Making the best (okonomiyaki) of what you have (in North America)

I am not an okonomiyaki snob. But coming from Osaka, I have a lot to say about okonomiyaki. I still hold an okonomiyaki grudge against a friend from about 3 years ago. I have another okonomiyaki related grudge against a person that I am even ashamed to voice. Apparently, okonomiyaki is important to me.

Okonomiyaki requires ingredients that are not really pantry staples. Mountain potato or mountain potato powder? Little fried tempura nuggets (tenkasu)? Aonori? Who would have a regular supply of those in the kitchen?

And those okonomiyaki mixes sold on the shelves of Japanese food stores? Don’t buy them. First, they are what Bisquick is to pancakes.  Second, the sugars and whatever nutritious things in those mixes attract insects. If you have them lying around for an extended amount of time in room temperature, the chance is that you have a whole breeding farm on your hands.

So, after several years, I devised a simple, okonomiyaki recipe that is different, yet wonderfully tasty and can be made with ingredients that are easy to acquire.

I also realized that many North American home cooks have some advantages above the Japanese home cooks.

1. The ubiquity of cast iron cookware.

Cast iron cookware is quite rare in Japan, which is a shame considering that it’s probably one of the best materials to cook okonomiyaki on. A cast iron griddle is the ideal vessel for cooking a crisp yet light okonomiyaki.

2. Access to ingredients that are expensive in Japan.

While pork, squid, and shrimp are probably the most standard toppings for okonomiyaki, there are infinite variations. Among those non-conventional okonomiyaki are those that use ingredients in Western cooking, such as cheese and cured meat. However, supermarket quality cheese and bacon in Japan are of very, very sad quality. Bacon and cheese that are equivalent to generic supermarket brand quality in the US are very expensive in Japan, and not something you throw into a cabbage pancake. By using stuff like hormel bacon and Kroger cheese, you already get a Western themed okonomiyaki that’s much better than what you might get in Japan.

Anyway, you can make pretty good okonomiyaki in North America.

Okonomiyaki consists of three parts: the base (cabbage, flour), the toppings (pork belly, squid, shrimp, etc.) and the sauce.


The base:

Basic steps are:

1. mix the dry ingredients, then the dashi stock (or dashi granules with water)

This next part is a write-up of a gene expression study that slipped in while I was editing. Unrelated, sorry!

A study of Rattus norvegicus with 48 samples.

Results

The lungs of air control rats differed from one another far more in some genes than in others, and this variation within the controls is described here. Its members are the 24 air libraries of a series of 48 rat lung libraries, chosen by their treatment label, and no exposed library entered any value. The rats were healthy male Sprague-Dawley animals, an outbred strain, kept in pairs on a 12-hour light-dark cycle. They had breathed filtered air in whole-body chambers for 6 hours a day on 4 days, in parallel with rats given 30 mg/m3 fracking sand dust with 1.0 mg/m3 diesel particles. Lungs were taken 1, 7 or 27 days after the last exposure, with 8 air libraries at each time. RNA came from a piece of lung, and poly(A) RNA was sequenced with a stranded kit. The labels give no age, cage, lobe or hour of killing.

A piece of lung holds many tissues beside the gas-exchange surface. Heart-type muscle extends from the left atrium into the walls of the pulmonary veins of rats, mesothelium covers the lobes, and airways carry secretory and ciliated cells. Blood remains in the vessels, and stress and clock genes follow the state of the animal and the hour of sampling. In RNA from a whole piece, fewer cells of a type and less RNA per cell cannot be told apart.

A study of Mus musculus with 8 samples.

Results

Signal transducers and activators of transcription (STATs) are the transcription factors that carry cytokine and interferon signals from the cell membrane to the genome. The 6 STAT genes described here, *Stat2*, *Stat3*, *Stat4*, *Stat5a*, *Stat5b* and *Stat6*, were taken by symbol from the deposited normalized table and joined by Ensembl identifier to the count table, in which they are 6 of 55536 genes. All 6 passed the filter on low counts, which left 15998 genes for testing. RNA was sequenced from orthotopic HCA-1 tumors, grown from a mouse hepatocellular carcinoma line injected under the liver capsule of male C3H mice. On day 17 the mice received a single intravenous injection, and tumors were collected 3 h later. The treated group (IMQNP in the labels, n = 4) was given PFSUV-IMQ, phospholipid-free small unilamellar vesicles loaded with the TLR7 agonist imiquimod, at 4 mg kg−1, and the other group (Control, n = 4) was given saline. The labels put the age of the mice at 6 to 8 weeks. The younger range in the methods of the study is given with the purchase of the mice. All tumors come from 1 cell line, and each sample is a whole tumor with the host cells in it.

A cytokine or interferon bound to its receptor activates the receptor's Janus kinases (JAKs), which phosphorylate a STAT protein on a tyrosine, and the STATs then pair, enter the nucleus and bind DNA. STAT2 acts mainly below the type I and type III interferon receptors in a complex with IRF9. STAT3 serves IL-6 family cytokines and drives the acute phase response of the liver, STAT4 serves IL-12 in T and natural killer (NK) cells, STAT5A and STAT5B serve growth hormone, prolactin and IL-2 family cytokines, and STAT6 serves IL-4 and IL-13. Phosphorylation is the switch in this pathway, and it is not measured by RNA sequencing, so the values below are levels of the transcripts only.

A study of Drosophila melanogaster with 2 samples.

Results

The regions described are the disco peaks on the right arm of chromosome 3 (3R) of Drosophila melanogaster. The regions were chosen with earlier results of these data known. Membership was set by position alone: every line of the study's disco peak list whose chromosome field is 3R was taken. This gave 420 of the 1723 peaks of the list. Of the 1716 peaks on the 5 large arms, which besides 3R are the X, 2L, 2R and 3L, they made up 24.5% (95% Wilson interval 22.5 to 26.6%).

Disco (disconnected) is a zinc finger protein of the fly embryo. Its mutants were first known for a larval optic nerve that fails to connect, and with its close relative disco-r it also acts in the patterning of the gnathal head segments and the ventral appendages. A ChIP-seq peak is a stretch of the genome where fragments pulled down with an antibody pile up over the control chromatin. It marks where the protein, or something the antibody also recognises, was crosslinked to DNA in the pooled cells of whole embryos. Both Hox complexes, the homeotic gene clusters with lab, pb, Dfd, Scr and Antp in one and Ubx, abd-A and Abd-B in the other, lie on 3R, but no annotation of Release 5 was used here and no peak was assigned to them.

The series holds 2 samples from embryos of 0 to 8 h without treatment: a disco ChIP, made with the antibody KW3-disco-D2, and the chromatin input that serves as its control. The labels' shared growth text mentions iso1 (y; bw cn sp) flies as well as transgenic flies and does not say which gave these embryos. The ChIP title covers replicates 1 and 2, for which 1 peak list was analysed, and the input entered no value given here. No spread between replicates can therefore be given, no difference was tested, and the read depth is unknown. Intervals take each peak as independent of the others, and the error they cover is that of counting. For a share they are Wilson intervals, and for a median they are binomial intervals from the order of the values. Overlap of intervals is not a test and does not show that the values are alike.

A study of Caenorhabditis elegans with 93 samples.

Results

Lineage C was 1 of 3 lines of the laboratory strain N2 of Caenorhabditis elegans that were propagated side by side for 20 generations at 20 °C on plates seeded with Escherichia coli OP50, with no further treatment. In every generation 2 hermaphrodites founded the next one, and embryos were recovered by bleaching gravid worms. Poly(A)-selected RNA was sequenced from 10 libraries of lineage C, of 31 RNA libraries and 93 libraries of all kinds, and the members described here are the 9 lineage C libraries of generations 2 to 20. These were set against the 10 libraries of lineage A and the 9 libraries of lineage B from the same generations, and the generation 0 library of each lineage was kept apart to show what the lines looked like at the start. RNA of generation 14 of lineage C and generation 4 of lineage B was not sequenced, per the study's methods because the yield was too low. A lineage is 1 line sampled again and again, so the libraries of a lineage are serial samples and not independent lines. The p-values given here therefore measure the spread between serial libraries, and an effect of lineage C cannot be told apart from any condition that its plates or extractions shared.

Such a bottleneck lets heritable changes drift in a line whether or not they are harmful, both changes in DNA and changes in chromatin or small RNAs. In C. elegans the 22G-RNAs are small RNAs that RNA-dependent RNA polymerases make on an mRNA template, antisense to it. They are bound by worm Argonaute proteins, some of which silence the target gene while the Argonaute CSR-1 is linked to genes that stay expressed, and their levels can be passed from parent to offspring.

2. Throw in the cabbage

3. Throw in an egg, and mix

Making a fluffy and light okonomiyaki relies on the use of grated mountain potatoes (yamaimo) to make them light and fluffy. However, mountain potatoes are hard to acquire, or are quite expensive. In order to compensate for the lack of mountain potatoes, I increase the amount of cabbage relative to the amount of flour, so that the okonomiyaki would have a lighter, less doughy texture. I use about 50-60g flour (that’s about 2 ounces, or a bit less than half a cup of flour) to about 150g (about 1/3 pound, a bit more than 5 ounces) of cabbage per one okonomiyaki. Basically, that’s enough cabbage to create a 1 inch high 10 inch disc shape on its own.

Mix the flour with a dash of salt and half a teaspoon of baking powder. You want to mix about 60-70ml dashi (or water mixed with dashi stock) taking precautions not to over mix it.

And now, the cabbage.

Here’s the important part: DON’T mince the cabbage. Cut the cabbage into strips, from pole to pole (lengthwise, not sideways. I hope this makes some sense. If the cabbage was earth, you cut from north to south, not the way parallel to the equator). Cutting into strips will create an intricate network of cabbage that supports the structural integrity of the okonomiyaki, even with the small amount of flour that we are using for this recipe.

Throw the cabbage into the batter, crack an egg on top, and mix until everything is distributed evenly. But don’t over mix.



In okonomiyaki, you can either mix the toppings into the batter or have the topping line one side of the okonomiyaki, cooking the ingredient into the surface of the okonomiyaki. Mixing in is popular with ingredients that are either not raw or are ready to consume without cooking, such as cheese or cubes of rice cakes. Cooking into one side of the okonomiyaki is more popular with ingredients such as pork belly and squid that develops a nice sear. I once made an okonomiyaki with hatch chilis lining one side, which created a charred, peppery crust to the okonomiyaki. As I said above, one of my favorites is okonomiyaki with cubes of dry mozzarella and bacon.


Throw anything you want on there. Of course, okonomiyaki sauce by Otafuku (the one with the creepy face on it) is the standard. My friend swears by a mix of “aurora” sauce, which is just ketchup mixed with an equal amount of mayo. I once slathered some wonderfully cumin-heavy BBQ sauce from Gates (my favorite sauce for KC style BBQ), which was pretty interesting. Another interesting method when you’re out of okonomiyaki sauce is to brush the top with some soy sauce and throw it under the broiler until the soy sauce sizzles. In this case, sprinkling some Shichimi chili peppers on the okonomiyaki is a good idea. Don’t forget to top the okonomiyaki with some bonito flakes, mayonnaise, and some sliced scallions, regardless of what sauce you throw on there.

The procedure:

Heat pan until lightly smoking, lower to medium heat, throw the cabbage batter on there, line the top with toppings, and wait 3 minutes.

Flip (and I guarantee the first try will be disastrous. Squish the broken pieces together until they resemble okonomiyaki, and you’ll be fine. The second flip is much easier) and leave for another 3-4 minutes.

Flip one last time, and sauce the whole thing while it’s on the pan. This will ensure that the okonomiyaki will stay warm.

Enjoy one last look of your beautiful okonomiyaki until you cut it, and make it into a mess.